ABOUT 95 per cent of swimming pool inspections carried out by Cumberland Council in 2016-2017 failed their initial inspection.
Acting general manger Hamish McNulty said council staff inspected approximately 175 backyard pools in that period, with most of the failures due to climbable objects surrounding swimming pool fences.
"An unknown number of swimming pools will also have been inspected by private certifiers," he said.
Backyard swimming pools remain the most common location for both drowning death and injury in children under five in NSW and home owners have been required to register their pools online since 2014.
Mr McNulty said that according to the NSW Government's Swimming Pool Register, there were about 3,500 swimming pools within the local government area.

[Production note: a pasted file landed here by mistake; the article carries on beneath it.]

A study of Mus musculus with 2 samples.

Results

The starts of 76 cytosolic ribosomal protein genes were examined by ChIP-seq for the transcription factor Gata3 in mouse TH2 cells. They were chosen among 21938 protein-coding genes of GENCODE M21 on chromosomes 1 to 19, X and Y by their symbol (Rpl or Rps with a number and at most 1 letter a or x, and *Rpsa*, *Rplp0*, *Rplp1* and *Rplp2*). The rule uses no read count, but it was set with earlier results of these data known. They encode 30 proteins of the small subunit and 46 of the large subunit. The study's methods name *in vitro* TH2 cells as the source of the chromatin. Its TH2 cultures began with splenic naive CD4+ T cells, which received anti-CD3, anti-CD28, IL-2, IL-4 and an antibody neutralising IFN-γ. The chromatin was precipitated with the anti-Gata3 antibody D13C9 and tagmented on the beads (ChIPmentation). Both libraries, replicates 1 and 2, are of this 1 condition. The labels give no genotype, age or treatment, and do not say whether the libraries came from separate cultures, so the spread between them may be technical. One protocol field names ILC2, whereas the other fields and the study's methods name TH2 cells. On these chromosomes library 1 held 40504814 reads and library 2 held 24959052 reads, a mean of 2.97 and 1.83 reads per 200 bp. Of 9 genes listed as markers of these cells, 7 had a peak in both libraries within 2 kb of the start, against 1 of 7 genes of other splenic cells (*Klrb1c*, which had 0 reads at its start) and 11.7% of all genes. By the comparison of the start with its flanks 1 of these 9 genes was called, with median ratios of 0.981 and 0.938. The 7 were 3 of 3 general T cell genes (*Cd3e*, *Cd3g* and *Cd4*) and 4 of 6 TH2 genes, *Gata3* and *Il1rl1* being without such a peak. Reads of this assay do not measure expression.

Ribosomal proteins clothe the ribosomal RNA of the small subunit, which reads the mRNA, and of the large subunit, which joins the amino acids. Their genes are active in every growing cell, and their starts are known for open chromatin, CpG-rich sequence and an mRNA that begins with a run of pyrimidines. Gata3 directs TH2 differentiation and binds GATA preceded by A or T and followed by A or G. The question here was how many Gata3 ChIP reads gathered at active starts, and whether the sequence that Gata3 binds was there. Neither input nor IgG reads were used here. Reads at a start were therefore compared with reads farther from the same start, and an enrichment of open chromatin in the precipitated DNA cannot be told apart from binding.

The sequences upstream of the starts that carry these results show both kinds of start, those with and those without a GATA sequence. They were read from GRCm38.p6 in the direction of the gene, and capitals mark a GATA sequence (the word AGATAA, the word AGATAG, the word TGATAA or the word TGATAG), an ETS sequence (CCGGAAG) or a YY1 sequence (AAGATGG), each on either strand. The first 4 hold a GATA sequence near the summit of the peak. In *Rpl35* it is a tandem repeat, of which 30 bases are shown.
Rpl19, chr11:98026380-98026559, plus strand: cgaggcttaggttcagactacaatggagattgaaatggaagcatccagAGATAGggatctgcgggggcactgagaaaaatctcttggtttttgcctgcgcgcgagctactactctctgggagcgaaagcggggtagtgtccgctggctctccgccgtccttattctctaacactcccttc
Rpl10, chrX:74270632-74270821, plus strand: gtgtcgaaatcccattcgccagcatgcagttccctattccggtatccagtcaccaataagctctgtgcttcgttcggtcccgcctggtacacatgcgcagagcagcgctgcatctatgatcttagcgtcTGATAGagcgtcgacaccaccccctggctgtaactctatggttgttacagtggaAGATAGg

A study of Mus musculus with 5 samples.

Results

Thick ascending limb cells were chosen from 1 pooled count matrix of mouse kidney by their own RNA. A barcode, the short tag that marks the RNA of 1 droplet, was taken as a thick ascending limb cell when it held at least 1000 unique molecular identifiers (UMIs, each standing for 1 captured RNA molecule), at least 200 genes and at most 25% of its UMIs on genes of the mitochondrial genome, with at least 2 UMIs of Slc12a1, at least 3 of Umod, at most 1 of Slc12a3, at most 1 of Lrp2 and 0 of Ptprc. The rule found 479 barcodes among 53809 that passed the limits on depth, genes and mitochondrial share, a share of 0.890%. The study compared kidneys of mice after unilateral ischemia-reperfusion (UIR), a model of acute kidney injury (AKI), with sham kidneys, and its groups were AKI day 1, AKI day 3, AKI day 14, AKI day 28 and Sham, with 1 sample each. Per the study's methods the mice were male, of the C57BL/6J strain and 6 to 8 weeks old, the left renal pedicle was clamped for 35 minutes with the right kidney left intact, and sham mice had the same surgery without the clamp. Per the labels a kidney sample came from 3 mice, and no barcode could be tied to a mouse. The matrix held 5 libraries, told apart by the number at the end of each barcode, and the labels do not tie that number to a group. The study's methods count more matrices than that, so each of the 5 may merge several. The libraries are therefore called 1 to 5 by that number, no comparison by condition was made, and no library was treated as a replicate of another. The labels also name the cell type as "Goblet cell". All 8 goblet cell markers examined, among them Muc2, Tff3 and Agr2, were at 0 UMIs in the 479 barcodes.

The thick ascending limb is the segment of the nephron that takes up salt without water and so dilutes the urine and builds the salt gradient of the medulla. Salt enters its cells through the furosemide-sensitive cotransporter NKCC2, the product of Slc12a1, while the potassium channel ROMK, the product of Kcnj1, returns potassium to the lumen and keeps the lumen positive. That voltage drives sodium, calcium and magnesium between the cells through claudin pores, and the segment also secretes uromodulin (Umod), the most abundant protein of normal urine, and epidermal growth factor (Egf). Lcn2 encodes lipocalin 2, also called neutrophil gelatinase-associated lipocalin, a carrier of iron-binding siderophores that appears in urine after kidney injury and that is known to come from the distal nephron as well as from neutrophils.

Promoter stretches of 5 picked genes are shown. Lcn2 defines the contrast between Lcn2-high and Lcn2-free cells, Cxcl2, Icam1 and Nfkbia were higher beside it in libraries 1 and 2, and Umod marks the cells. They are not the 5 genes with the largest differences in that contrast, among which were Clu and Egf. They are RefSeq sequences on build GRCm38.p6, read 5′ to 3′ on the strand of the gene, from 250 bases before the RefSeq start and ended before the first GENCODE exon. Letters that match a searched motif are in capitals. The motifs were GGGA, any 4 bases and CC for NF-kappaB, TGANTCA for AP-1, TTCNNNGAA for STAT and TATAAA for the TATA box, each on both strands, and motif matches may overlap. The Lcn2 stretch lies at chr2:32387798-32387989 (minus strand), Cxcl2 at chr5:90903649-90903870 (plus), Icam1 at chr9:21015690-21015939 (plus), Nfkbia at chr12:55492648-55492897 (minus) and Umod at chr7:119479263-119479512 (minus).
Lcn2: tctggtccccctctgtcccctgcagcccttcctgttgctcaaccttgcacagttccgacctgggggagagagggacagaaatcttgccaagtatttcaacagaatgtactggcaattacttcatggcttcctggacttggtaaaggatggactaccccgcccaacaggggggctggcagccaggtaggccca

He says Cumberland charges $250 for two inspections with a refund of $100 for those that pass first time around, and owners who fail to comply with regulations risk a $2,200 fine.
"Cumberland Council doesn't carry out random checks to find unregistered pools, but will respond to any safety complaint made by a member of the public, and follow up mandatory referrals from private certifiers regarding non-compliant swimming pools," he said.
Regulations introduced in 2016 also require properties to have a valid pool safety compliance certificate before a property can be sold or leased, with responsibility for administrating the regulations shifting from the Office of Local Government to NSW Fair Trading at the start of this year.
For more information, visit fairtrading.nsw.gov.au.